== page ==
Goldberger, speaking before the eminent domain case had been decided in the Court of Appeals and before the bond sale--both of which have given AY significantly more momentum--said Atlantic Yards "was and is a mistake," given that megaprojects don't do much for street life, and suggested that the silver lining of the recession might give it time to be improved.
Goldberger talked more about the Chrysler Building (on the cover of Why Architecture Matters) and the World Trade Center ( "our first modern architectural martyrs"), making an intriguing point about the latter.
While he never felt good about the Twin Towers, he allowed, "I definitely came to accept them. It's just too hard to hate a building over time. It's just too much effort."
"I think we condition ourselves over time to be slightly numb over time, for certain buildings, because it's just too painful, over time to hate them every moment," he said.
Perhaps the same would be true of the Atlantic Yards arena, should it be built, as seems increasingly likely. In fact, Goldberger likes the redone facade of the arena, as he wrote in September 2009 (my comments), though in October 2006 he criticized the project as a whole (my comments).
At about 13:45, Lopate quoted Goldberger quoting celebrated critic Lewis Mumford: "The great function of the city is to permit, indeed, to encourage and incite, the greatest possible number of meetings, encounters, challenges between all people, classes, groups, providing a stage upon which the drama of life may be enacted."
"I wonder whether city planners think in that way, ever," Lopate continued. "For example, the city's still behind the Atlantic Yards project, isn't it? The Municipal Art Society has said it would be a total disaster because it would cut people and neighborhoods off from each other."
"I think city planners do think in terms of streets and neighborhoods perhaps more than they did in the 60s, when the World Trade Center was designed," Goldberger responded. "But we have begun, in the last few years, to almost come full circle, and again fall under the spell--or into the thrall--of gargantuan mega-projects, which generally are in fact destructive of that very street life that Lewis Mumford was talking about, and I think you and I both agree is essential to the city."
They then moved into a discussion of Battery Park City, which does feature streets but is cut off by the West Side Highway, and at 15:42 Goldberger returned to the question.
"No, I think Atlantic Yards was and is a mistake and it's one of the reasons, I suppose--y'know, every silver lining has a cloud, every cloud has a silver lining--and the silver lining of the recession is that that is certainly not going to happen immediately and may give us some time to rethink some of the mistakes," he said.
Streets vs. buildings
At about 17:00, Goldberger made an important point. "Over the years, I've realized that streets are more important than buildings," he said. "The urban experience has to be had on foot."
That goes back to the MAS critique of AY.
Half-cheer for stadiums
Also, at about 31:00, Goldberger declared that neither of the city's two new baseball stadiums are great, but they're better than what they replaced, given that, for example, the predecessor Yankee Stadium was not the original but one regularly modified.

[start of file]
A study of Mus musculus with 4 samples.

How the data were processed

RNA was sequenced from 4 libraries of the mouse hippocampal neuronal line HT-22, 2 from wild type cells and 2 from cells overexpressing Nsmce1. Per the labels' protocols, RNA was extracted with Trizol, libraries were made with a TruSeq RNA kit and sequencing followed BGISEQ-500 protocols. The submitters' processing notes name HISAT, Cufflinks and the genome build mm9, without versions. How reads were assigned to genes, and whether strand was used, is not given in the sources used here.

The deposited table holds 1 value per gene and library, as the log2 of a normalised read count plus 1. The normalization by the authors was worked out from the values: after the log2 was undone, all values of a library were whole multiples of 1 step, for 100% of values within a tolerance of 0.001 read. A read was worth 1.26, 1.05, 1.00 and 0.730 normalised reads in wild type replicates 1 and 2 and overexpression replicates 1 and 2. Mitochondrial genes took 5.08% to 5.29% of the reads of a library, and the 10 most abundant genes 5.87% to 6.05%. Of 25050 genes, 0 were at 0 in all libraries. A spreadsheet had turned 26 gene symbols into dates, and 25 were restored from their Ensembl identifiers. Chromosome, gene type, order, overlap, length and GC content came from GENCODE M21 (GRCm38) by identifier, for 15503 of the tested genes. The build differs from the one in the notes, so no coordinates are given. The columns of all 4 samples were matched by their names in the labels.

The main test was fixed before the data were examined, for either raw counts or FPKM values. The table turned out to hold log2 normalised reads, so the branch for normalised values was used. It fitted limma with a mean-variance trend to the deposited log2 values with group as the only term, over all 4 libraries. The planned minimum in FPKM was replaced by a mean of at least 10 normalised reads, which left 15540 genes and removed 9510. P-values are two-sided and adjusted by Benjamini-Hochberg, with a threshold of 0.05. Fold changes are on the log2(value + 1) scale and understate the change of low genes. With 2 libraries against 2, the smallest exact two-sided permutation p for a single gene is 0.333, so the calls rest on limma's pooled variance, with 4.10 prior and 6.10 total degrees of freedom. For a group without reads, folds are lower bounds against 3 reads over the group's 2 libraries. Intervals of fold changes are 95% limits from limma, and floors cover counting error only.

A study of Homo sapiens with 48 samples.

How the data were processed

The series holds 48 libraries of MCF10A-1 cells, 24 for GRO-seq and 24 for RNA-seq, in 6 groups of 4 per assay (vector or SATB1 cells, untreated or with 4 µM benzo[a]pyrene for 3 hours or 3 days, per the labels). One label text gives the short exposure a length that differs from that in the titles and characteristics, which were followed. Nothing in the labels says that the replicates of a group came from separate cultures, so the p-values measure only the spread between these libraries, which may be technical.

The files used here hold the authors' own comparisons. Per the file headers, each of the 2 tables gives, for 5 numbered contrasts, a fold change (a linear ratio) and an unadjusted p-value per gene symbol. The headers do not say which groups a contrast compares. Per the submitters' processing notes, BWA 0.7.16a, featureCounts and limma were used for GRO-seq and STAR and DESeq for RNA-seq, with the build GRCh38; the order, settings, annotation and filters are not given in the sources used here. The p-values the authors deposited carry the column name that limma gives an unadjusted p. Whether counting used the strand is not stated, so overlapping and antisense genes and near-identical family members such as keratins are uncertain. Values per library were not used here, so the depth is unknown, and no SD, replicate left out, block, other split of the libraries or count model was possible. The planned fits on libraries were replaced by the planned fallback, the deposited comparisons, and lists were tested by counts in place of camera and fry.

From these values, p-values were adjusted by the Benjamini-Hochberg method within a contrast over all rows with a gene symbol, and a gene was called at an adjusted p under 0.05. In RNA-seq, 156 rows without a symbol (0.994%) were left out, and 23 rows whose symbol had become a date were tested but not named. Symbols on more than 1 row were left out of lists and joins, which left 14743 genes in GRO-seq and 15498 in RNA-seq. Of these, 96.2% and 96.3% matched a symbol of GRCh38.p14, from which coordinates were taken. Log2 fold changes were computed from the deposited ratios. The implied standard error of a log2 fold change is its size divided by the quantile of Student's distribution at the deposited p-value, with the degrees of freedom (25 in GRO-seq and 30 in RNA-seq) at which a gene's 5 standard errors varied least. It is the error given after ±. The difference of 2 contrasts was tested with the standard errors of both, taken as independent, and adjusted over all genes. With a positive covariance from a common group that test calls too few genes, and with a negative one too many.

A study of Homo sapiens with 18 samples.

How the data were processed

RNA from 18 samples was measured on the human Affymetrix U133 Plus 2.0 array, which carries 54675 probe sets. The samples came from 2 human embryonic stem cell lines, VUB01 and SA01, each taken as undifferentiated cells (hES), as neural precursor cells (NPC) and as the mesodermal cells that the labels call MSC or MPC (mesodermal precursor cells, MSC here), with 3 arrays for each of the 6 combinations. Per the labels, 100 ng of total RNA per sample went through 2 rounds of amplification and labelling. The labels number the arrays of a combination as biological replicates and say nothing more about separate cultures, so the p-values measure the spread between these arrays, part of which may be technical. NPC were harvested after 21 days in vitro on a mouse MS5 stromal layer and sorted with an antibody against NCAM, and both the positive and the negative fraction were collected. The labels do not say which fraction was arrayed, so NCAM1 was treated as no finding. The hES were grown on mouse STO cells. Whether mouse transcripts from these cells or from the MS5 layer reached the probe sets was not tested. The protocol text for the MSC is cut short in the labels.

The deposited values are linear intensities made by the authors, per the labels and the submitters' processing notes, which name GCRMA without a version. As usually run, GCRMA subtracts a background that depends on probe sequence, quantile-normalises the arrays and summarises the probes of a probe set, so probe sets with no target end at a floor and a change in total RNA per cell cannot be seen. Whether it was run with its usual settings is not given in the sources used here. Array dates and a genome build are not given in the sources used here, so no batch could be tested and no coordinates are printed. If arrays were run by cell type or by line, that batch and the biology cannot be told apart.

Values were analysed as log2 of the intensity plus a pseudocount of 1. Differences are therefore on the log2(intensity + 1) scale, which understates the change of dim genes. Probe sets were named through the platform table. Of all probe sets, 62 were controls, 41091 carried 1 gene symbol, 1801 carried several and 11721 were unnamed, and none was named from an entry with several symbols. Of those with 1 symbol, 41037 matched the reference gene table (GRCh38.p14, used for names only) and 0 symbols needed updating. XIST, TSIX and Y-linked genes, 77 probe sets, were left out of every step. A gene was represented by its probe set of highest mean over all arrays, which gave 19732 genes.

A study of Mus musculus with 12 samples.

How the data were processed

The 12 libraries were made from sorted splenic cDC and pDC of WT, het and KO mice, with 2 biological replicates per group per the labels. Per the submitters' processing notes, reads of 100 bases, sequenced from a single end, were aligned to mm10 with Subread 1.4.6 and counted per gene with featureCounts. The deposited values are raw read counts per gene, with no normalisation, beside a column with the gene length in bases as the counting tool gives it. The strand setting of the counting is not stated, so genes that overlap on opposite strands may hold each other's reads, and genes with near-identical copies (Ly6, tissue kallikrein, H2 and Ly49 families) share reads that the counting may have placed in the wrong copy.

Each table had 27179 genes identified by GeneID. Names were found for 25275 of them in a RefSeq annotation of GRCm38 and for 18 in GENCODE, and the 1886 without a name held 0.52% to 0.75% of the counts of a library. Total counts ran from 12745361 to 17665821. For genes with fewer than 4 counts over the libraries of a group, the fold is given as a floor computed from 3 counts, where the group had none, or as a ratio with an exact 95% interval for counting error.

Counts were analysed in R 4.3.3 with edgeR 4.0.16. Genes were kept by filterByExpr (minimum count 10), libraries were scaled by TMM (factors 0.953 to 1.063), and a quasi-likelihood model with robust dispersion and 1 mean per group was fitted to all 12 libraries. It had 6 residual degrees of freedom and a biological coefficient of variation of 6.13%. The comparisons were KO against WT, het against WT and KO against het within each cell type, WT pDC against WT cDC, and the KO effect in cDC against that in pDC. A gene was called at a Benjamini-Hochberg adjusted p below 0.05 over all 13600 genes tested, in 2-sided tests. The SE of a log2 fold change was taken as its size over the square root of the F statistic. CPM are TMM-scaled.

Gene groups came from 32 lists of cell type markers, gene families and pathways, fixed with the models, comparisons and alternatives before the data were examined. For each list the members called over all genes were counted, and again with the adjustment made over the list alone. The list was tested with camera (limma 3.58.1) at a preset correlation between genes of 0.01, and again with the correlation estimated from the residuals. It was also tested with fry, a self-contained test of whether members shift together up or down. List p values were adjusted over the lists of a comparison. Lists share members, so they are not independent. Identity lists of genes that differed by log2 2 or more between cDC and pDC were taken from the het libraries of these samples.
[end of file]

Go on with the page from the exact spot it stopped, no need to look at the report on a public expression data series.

While Goldberger can certainly offer a savvy critique of buildings as buildings, that assessment leaves out the larger public policy questions concerning the process behind and financing of those stadiums--just as he did when assessing the latest design for the AY arena.
More from Goldberger
For those who don't have Golberger's books, his web site links to numerous writings and lectures. Here are a few excerpts.
At the American Planning Association's 100th National Planning Conference in 2008, he said:
This may be the only talk I have ever given on urbanism and cities in which I have not, I just realized, used the phrase “the public realm,” which most of the time when I talk about cities I am probably guilty of over-use, since to me it is the most important defining quality of cities – the sense that they consist mainly of a public realm, whether in the form of streets or squares or parks or civic buildings, and that the private buildings, however large and grand, defer to the public realm and fit into a pattern established by it. In a city, streets matter more than buildings, and the whole is more than the sum of the parts. In the suburbs, the opposite tends to be true, and private values take precedence over public ones.Planner Alex Garvin has also used the term "public realm," saying that cities should invest in such thinks as streets and transportation systems, and not expect megaprojects to solve pressing needs for infrastructure improvements.
On historic preservation, in a lecture titled Landmarks Preservation at Forty:
All of these are examples of what one distinguished preservationist, Otis Pratt Pearsall, recently called "preservation fundamentalism." It is a good phrase, because it tells us exactly the problem we are facing a replacement of common-sense, wise judgment with an absolutism, with a belief that the job of the landmarks process is to freeze a place in time. It is not, and fundamentalism has no more place in preservation than it does in religion or public life, where it also replaces balanced, liberal and judicious thinking.
As I said, there are no formulas, and there should not be. The commission should make judgments, and determine reasonable tradeoffs.